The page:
58-year-old Howard Pyle died unexpectedly in 1911. He was in Italy with his family at the time. A couple of months later his friends gathered to find a way to preserve and exhibit his art. Pyle was a significant contributor to what is now known as the Golden Age of American Illustration from 1880 to 1914. The Society that formed bought almost 100 of his excellent works like “He Lost His Hold and Fell…” above. This meeting led to the creation of the Delaware Art Museum at 2301 Kentmere Parkway in Wilmington.
Sam Bancroft, Jr. saw his first Pre-Raphaelite painting in 1880. A Wilmington textile mill owner and Quaker, Bancroft became an unlikely fan of this 19th century movement whose most famous artist was Dante Gabriel Rossetti. During the 1930s Depression, Bancroft’s family donated his art, his manuscript collection, and 11 acres of land for a museum.
Samuel Bancroft, Jr’s Pre-Raphaelite acquisitions became the premier collection of this art outside the United Kingdom. This movement occurred about the time the Impressionists were gathering in France. Both groups rebelled against the status quo. The English artists who called themselves Pre-Raphaelites distrusted the Royal Academy and drew inspiration from Middle Ages art, Shakespeare, the Bible, etc. The result was paintings of pale, ethereal, flower-clutching women often alone and clearly unhappy or in dreamlike, G-rated romantic situations with men who are either heroic or hostile.
John Sloan, one of the founders of the Ashcan School of American Art, died in 1951. Nine years later his wife, Helen Farr Sloan, visited Wilmington for the first time, was impressed by what she saw at DAM, and for the next 45 years increased its holdings by 5,000 works, including probably the best collection of her husband’s paintings seen anywhere.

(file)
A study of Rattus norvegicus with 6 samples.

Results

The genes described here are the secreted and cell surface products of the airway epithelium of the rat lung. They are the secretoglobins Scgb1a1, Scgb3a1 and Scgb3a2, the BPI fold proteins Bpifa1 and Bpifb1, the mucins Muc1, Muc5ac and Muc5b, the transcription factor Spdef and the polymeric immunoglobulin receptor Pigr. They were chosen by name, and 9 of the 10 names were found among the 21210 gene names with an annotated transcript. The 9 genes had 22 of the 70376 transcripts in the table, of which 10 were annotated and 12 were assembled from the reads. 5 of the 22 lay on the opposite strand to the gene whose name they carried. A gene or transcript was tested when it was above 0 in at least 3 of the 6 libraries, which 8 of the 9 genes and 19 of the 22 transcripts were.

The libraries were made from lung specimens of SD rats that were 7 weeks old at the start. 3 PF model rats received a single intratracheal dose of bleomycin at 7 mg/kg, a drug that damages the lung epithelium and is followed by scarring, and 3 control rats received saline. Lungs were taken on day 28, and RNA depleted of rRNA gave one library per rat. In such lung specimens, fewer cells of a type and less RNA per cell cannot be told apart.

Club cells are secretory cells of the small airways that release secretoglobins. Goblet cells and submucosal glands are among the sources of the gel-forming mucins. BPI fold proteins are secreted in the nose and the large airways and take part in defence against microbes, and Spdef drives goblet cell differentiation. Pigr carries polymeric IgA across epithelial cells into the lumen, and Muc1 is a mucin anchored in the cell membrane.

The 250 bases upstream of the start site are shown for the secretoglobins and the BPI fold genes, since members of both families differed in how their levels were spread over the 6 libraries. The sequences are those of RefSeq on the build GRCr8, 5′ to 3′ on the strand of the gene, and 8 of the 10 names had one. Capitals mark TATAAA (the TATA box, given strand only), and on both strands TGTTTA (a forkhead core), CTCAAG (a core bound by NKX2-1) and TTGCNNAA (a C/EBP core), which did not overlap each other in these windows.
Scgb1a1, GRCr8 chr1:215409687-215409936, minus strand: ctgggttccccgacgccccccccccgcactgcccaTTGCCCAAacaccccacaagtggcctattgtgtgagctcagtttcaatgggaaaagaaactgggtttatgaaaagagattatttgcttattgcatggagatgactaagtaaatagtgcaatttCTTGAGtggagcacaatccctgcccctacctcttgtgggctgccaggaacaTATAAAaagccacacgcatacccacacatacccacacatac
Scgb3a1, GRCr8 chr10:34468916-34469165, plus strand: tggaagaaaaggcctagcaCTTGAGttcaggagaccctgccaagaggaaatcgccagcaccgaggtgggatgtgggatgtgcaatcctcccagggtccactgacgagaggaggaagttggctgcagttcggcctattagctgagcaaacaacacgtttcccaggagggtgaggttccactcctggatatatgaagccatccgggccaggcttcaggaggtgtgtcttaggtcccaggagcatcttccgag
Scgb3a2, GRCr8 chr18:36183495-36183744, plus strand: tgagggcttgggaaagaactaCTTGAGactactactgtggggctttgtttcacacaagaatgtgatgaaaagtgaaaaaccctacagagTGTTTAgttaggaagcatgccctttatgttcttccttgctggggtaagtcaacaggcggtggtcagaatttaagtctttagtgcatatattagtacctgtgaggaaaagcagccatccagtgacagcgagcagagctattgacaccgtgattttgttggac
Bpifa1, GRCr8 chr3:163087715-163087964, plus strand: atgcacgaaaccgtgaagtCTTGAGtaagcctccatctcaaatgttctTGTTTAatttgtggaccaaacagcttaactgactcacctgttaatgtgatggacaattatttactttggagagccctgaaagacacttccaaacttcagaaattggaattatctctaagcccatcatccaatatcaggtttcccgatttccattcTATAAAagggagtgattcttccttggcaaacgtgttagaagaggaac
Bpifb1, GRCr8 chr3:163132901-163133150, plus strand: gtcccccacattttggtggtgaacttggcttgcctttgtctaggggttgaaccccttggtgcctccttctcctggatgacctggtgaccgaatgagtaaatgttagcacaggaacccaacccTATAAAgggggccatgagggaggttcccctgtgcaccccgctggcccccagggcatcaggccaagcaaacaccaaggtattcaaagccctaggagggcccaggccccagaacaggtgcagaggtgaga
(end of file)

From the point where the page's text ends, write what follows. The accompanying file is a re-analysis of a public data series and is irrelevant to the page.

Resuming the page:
These are the 3 best reasons to visit DAM when you’re in Delaware, but they’re not the only ones. When I was there for the first time in June, 2013, I knew nothing about Howard Pyle, didn’t much care for the Pre-Raphaelites, and hadn’t seen much of Sloan’s art. This museum’s focus on them both impressed me and changed my thinking.
Other reasons to visit DAM include a Chihuly Bridge, the Copeland Sculpture Garden, Thronson Cafe, a traditional collection of Colonial & Federal art–Sully, West, etc.–a scattering of great American artists–Homer, Eakins, Hopper–and a genuine curatorial gift for bringing in appealing temporary shows. Ruth and I saw a delightful, since closed exhibit of Alexi Natchev’s animated figures like the camel below that reminds me of that funny hump day commercial. Upcoming on October 12 is American Moderns 1910-1960, a show that pairs, probably for the 1st time, Georgia O’Keeffe and Grandma Moses.
I enter most museums knowing what to expect. The Delaware Museum of Art was different.